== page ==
Cast: Emily Blunt,Kristin Chenoweth,Liev Schreiber Director: Jayson Thiessen
If you’re tired of extravagant 3D animated films, My Little Pony may work as a nice throwback to the simple pleasures of Sunday afternoon television cartoons. It’s not particularly a great film but there’s just enough sugary charm and colour to keep children entertained, and young fans of the material it is based on, engaged.
This is of course the film adaptation of a TV show called My Little Pony: Friendship is Magic which is owned by Hasbro, the guys who also own Transformers and other such vibrant properties that cater to kids. This property features magic ponies, apart from the assortment of splashy colours and catchy pop music by Sia — a combination that somehow falls right into the heart of post-modern pop culture.
We’re introduced to Equesteria, where all kinds of magical beings co exist. Our hero, the pink pony Twilight Sparkle (Tara Strong) is busy working towards the ‘Friendship Festival’, while the unicorn Tempest Shadow (Emily Blunt) arrives to kidnap princesses of the land. Tempest is working at the behest of the ultimate bad guy Storm King (Live Schreiber) who wants to harvest the princesses’ magic powers to take over the world. The film follows Twilight and her friends’ escape and their quest to vanquish Storm and save Equesteria.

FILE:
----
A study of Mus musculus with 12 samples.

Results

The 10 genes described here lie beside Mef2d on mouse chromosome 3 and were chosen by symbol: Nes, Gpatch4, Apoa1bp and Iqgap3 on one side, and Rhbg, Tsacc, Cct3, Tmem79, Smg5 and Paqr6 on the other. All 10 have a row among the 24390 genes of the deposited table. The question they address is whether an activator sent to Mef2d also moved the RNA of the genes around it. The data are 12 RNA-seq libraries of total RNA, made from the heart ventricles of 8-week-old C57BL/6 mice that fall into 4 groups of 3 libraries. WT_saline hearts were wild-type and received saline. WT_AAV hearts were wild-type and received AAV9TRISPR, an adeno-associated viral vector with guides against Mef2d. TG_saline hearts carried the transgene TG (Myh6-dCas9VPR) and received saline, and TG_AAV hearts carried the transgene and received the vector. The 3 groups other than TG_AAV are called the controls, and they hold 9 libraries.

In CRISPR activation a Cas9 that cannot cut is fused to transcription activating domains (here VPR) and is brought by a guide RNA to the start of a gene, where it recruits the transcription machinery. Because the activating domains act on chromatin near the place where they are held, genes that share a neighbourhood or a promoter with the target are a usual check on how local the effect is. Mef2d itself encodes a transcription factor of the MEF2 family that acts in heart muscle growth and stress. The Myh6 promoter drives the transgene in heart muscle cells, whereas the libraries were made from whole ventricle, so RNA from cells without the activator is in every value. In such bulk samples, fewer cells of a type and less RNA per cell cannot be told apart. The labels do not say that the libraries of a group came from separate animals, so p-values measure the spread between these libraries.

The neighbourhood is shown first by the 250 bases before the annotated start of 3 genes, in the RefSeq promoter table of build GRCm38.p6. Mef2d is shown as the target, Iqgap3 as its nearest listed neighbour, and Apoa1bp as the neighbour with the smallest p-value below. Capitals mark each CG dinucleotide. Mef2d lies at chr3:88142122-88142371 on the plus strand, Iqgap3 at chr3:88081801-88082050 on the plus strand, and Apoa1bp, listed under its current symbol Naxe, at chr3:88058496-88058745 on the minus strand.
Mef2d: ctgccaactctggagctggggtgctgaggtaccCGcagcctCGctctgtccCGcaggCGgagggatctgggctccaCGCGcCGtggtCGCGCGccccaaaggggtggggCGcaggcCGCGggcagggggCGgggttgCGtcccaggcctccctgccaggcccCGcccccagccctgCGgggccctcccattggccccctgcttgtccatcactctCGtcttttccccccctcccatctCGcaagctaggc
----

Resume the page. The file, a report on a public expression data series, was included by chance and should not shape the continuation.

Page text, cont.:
It’s a routine story that doesn’t try too hard to thrill you, instead director Jayson Thiessen is content to let the over-the-top visuals do the heavy lifting. The film plainly zooms from one energetic set piece to another, employing a laugh-a-minute technique, cutesy moments and the usual learning lessons for children about friendship and life. There are plenty of moments that work as throwbacks to the TV show, but even if you aren’t familiar with the original, it’s easy to guess which these moments are. It’s also nice that the film works as a standalone piece of harmless adventure rather than an adaptation of a pre-existing property, much like the first Transformers film.
The film is also a musical, which means non-stop singing. Some of the songs are fun but those not into this kind of filmmaking could get tired after a point. The film also falls into a strange trap towards the end of the film, where the battle is won through an act of vehemence, which goes against the theme of friendship and love that the filmmakers cram down your throat early on. The film is also rife with the usual superhero movie clichés, and could have been more memorable had the writers attempted something far more unique. In a world where even kids have so much superhero and animated cinema choice — that too right at home on streaming platforms — it’s difficult to find a big enough reason to take them to the theater for films like these. Ultimately this is an adequate distraction if your children absolutely need to be shown something on the big screen this week.